Albuquerque Charter Schools Face Significant Facilities Challenges
A new survey finds that Albuquerque public charter schools face significant challenges in securing and paying for adequate facilities. The report, “An Analysis of the Charter School Facility Landscape in Albuquerque,” is part of a larger national project, the Charter School Facilities Initiative (CSFI), which aims to encourage public policy and private sector changes leading to a comprehensive, sustainable, and adequate public school facilities system.
Unlike individual district public schools, public charter schools are typically responsible for obtaining and paying for their own facilities. As a result, charter schools are often located in nontraditional spaces, such as office buildings, churches, strip malls, and former big box stores. In the 2015-16 school year, 77 percent of Albuquerque charter schools were in facilities that were not originally designed to be a school—and locating in a nontraditional school facility often comes with significant challenges. These challenges include navigating zoning, land use, and permitting processes—as well as funding major capital improvement projects to make these spaces school ready. In fact, only 51 percent of Albuquerque charter schools reported that their facility had the ideal amenities and desired specialized classrooms to best implement their educational program.
In 2015-16, New Mexico charter schools received $736 per pupil in lease reimbursement assistance. However, Albuquerque’s public charter schools spent an additional $352 per pupil on facilities costs (which includes lease payments and/or financing payments) and this spending varied across different ownership situations.
“We know that access to affordable and adequate facilities is a critical issue for charter school operators and the continued growth and health of our movement,” said Nina Rees, president and CEO of the National Alliance for Public Charter Schools. “The lack of affordable and adequate facilities limits the growth of high-performing operators, limits the ability of new and innovative charter schools to open, diverts critical funds away from the classroom, and limits programming options for charter school students.”
Additional findings from the Albuquerque report include:
- Meeting demand for Albuquerque’s charter schools will require new facilities solutions.
- Many Albuquerque charter schools do without important amenities.
- Serving meals can be a challenge for many Albuquerque charter schools due to lack of full-preparatory kitchen facilities and/or lunch rooms.
- Physical education and recreational options may be limited for Albuquerque charter school students due to lack of gymnasiums and athletic fields.
- Prior to their first year in operation, 33 percent of Albuquerque charter schools had to delay their opening date due to facilities-related issues such as financing, acquisition of property or land, construction, or a lack of available facilities in the desired area.
- Sixty-two (62) percent of Albuquerque charter schools did not have space for their projected enrollment in five years.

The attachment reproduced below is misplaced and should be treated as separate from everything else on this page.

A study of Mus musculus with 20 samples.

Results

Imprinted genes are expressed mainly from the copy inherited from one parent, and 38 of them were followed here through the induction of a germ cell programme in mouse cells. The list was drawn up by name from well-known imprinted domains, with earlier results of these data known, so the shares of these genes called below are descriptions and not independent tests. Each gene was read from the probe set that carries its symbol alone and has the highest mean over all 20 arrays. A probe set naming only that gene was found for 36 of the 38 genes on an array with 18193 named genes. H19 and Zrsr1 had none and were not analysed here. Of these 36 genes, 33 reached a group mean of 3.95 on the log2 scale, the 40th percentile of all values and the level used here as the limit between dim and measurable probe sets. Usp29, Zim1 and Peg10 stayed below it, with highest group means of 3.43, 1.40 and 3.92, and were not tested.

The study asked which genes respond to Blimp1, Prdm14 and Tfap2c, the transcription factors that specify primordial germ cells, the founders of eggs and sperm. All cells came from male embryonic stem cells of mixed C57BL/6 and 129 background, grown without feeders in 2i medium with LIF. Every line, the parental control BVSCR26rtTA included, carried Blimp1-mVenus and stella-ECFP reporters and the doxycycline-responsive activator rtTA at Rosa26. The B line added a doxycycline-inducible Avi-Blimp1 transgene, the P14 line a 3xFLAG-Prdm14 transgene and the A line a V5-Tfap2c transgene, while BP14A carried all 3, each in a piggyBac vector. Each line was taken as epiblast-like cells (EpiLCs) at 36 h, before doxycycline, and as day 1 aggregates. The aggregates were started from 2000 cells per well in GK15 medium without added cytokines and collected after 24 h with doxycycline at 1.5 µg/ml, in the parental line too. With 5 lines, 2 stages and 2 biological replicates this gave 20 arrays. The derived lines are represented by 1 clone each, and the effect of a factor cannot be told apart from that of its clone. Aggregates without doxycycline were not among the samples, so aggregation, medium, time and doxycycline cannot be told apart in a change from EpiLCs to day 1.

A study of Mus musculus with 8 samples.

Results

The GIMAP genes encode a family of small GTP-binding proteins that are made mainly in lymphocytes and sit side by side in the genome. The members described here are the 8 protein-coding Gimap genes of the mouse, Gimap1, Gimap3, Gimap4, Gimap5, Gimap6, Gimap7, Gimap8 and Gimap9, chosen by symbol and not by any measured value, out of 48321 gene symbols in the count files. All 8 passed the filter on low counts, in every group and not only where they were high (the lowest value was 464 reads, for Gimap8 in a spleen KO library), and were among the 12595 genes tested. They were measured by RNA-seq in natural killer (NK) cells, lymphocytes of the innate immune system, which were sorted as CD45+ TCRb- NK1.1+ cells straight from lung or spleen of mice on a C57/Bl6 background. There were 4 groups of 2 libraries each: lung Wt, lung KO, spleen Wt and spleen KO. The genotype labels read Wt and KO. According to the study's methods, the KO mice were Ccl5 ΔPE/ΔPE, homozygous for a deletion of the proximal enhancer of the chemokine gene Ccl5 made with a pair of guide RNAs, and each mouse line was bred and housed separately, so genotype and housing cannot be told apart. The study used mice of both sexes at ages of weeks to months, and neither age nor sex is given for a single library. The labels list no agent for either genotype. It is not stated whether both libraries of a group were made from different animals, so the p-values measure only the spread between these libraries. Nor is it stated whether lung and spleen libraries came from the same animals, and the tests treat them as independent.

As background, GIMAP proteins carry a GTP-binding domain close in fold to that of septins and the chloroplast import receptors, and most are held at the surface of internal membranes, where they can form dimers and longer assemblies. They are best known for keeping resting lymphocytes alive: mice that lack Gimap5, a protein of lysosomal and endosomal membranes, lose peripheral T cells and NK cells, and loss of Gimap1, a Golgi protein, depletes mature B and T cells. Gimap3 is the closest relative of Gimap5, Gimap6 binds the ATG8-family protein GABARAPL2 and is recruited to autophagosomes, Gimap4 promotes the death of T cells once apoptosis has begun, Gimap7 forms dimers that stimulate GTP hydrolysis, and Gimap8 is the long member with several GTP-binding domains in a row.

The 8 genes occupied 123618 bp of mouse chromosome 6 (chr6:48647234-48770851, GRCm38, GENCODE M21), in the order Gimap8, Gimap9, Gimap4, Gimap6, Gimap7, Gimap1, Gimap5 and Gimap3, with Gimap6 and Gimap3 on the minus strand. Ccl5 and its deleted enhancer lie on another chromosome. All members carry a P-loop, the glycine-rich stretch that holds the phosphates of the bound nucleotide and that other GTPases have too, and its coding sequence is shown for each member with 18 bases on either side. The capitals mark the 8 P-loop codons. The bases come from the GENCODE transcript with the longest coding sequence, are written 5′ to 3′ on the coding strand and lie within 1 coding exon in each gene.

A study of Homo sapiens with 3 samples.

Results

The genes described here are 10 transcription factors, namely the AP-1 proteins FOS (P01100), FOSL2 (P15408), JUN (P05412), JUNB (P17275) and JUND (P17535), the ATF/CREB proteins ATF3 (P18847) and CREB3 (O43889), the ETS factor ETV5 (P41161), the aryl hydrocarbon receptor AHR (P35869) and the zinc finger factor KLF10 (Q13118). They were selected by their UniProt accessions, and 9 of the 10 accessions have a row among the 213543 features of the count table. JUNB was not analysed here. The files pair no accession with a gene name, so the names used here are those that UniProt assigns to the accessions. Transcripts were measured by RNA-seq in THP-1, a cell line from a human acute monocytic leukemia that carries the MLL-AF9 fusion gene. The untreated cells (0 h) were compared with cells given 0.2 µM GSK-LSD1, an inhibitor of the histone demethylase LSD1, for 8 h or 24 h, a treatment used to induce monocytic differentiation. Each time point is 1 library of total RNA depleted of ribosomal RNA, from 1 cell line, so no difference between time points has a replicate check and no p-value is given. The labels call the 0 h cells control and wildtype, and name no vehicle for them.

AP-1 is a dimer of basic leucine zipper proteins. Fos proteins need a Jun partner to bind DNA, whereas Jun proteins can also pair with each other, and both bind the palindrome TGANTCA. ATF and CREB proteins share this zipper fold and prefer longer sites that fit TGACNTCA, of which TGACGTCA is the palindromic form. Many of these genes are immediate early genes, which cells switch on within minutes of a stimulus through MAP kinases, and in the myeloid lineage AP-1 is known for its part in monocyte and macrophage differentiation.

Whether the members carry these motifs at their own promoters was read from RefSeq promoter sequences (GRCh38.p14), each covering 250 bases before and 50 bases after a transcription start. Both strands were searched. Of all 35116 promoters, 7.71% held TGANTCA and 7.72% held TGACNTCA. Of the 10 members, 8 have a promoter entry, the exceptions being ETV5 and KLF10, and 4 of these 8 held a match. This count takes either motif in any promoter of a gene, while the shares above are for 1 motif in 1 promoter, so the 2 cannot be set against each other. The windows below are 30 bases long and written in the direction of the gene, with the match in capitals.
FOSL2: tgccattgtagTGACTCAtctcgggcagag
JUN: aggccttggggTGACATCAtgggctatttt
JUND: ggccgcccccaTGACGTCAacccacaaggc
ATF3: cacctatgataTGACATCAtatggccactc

“Charter schools in New Mexico are attracting students and families because of their quality and unique instruction,” said Matt Pahl, executive director at the New Mexico Coalition for Charter Schools (NMCCS). “But current facilities do not allow our best charter schools to serve the many students that want to enroll. The information in this report can be instrumental in finding equitable solutions to this problem.”
In the spring of 2016, the National Charter School Resource Center, the Colorado League of Charter Schools, NMCCS, and the National Alliance collaborated to collect data and information about charter school facilities and facilities expenditures in the city of Albuquerque. The CSFI team collected data on Albuquerque charter schools and those schools are the focus of this report. However, all of New Mexico’s charter schools face similar challenges related to facility acquisition and expenditures.
Additional information about the Charter School Facilities Initiative is available at www.facilitiesinitiative.org.
About Public Charter Schools
Public charter schools are independent, public, and tuition-free schools that are given the freedom to be more innovative while being held accountable for advancing student achievement. Since 2010, many research studies have found that students in charter schools do better in school than their traditional school peers. For example, one study by the Center for Research on Education Outcomes at Stanford University found that charter schools do a better job teaching low income students, minority students, and students who are still learning English than traditional schools. Separate studies by the Center on Reinventing Public Education and Mathematica Policy Research have found that charter school students are more likely to graduate from high school, go on to college, stay in college and have higher earnings in early adulthood.
About the National Alliance for Public Charter Schools
The National Alliance for Public Charter Schools is the leading national nonprofit organization committed to advancing the public charter school movement. Our mission is to lead public education to unprecedented levels of academic achievement by fostering a strong charter sector. For more information, please visit www.publiccharters.org.